Security Breach-the New Bandwagon
Twenty states have already passed legislation governing notification of affected persons in the event of a security breach. Another dozen or more states are cooking up legislation. Even New York City has its own ordinance, although it will be trumped by the New York State statute when it becomes effective in December. Some states’ laws (e.g. Oregon) are so badly drafted that a worker who misplaces a Blackberry could face fines for violating peoples’ privacy. In the meantime, class action lawyers who used to wait by the ticker tape for inspiration nowadays scan the news headlines for the latest corporate security breach.
Like snowflakes, no two security-notification bills are exactly like. Until Congress enacts a uniform data breach law, one that preempts state laws, compliance following a security breach can mean having to assemble a mosaic of state notification laws to figure out what to do, whom to notify, how, and when—often in a matter of days.
The good news is, we’ve already done that.
Hacking in Hackensack
Now that the kids are back in school and the foliage is turning, compliance officers and bank attorneys returning from vacation will find a high-risk environment for companies that fail to make data security a top priority. Consider the stakes. Several financial institutions severed or are considering severing ties with CardSystems, Inc., a payment processing company, after it announced in May that 40 million credit and debit card accounts were left vulnerable to hackers in one of the biggest breaches of consumer data security to date. That could put the company out of business.
Meanwhile, the hackers were busted in Hackensack, NJ. We couldn’t make that up.
For more information, contact Obrea Poindexter (firstname.lastname@example.org).
When an NSF Fee is a "Loan"
Consumer groups are taking aim at overdraft fees, sometimes called "bounce" protection services. They want them treated as short-term loans, subject to the Truth in Lending Act. H.R. 3449, just introduced in August, would force banks to treat overdraft protection fees as a finance charge subject to TILA disclosures, require prior written consent for financial institutions to charge overdraft fees, and require ATM operators to alert consumers when transactions are likely to trigger overdraft protection fees. Consumer groups are also challenging payment processing protocols, attacking the common industry practice of processing items from high to low, and seeking legislation that would require sequential processing. In addition, the federal banking agencies released guidance earlier this year encouraging financial institutions (i) to avoid the promotion of poor account management and (ii) to provide clear disclosures about the imposition of NSF fees.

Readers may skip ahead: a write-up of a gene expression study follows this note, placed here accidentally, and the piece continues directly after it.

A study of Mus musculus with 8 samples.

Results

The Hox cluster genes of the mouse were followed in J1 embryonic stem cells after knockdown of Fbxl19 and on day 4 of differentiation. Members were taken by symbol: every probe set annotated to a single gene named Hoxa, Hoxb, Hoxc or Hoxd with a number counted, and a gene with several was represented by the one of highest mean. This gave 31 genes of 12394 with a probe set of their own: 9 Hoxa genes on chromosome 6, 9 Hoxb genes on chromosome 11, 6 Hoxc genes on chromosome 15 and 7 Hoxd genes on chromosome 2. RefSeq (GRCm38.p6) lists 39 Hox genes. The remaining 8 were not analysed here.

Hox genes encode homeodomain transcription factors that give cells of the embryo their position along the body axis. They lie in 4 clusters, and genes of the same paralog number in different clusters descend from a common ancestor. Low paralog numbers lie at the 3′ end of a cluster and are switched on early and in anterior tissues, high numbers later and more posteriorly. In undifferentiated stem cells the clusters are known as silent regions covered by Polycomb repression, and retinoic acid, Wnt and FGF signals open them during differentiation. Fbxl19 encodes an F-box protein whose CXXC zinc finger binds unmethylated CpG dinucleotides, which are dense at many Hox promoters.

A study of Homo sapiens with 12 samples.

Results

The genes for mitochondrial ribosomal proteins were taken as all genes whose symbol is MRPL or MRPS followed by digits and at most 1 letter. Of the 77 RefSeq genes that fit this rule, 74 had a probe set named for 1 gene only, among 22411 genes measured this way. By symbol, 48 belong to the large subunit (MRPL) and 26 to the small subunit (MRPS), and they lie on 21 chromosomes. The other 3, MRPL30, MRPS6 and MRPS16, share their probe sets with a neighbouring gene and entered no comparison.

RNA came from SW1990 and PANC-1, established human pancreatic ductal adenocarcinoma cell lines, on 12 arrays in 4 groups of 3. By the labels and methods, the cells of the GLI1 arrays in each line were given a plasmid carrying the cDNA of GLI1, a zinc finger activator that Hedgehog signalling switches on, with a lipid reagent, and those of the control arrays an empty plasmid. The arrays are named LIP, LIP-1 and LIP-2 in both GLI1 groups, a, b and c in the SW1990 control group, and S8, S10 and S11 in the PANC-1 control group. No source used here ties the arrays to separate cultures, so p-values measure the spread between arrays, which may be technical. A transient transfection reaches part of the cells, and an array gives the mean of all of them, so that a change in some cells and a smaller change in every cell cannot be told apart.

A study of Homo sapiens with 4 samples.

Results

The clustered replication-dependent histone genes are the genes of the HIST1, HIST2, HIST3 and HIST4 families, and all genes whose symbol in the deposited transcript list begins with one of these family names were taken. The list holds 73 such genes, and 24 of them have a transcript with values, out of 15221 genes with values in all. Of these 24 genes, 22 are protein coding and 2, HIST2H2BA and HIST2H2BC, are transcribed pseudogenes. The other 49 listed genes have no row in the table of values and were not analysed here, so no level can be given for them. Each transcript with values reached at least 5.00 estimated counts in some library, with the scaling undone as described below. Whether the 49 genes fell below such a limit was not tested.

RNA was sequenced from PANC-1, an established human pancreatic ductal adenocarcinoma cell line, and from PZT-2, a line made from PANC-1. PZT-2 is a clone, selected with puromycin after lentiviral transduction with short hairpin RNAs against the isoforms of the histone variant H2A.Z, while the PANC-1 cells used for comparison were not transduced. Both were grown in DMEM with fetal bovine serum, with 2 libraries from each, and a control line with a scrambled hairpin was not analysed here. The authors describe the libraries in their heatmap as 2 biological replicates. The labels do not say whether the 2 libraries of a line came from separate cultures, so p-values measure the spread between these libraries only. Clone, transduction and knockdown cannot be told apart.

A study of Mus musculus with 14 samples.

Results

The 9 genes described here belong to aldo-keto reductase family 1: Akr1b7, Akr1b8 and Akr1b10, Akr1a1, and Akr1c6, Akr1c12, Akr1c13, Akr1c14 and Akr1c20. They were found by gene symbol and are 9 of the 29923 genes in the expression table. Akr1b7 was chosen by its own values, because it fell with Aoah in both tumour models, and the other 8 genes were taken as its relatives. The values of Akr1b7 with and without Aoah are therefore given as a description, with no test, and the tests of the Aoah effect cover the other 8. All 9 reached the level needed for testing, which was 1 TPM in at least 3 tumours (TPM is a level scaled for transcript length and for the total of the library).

For more information, contact Charlie Kennedy (email@example.com).
FDIC’s New Stored Value Proposal—Different, But Not Necessarily Better
Recently, the Federal Deposit Insurance Corporation issued a new proposed rule to replace the April 2004 proposed rule. The new proposal is intended to clarify when funds underlying stored value cards issued by depository institutions would constitute "deposits" under the Federal Deposit Insurance Act. The outcome of this proposal could affect the views of other agencies and the applicability of other laws, such as Regulation E (Electronic Fund Transfers), the USA PATRIOT Act section 326 rules, or Regulation D (reserve requirements). In addition, under the new proposal the FDIC solicits comment on whether it should treat the funds as "non-deposits" in those cases in which the insured depository institution sells stored value cards directly to cardholders without keeping any information relating to the cardholders’ identities.
No BS in BSA
The Federal Financial Institutions Examination Council released its 330-page Bank Secrecy Act/Anti-Money Laundering Examination Manual. The Manual was developed in conjunction with the federal banking agencies, and others. It emphasizes a banking organization’s responsibility to establish and implement risk-based policies, procedures, and processes to comply with the BSA and safeguard its operations from money laundering and terrorist financing.
Fast Fax Fix
The Junk Fax Prevention Act of 2005, S. 714, overturns a pending FCC rule that, as of January 2006, would have eliminated the "existing business relationship" exception to the do-not-fax rules. Signed into law in July, the bill will allow businesses to continue to send faxes (such as rate sheets) to customers without a formal opt-in so long as they have an "existing business relationship" with the recipient. But there must be a "a clear and conspicuous notice on the first page" explaining how customers can remove themselves from distribution.
For more information, contact William Stern (firstname.lastname@example.org).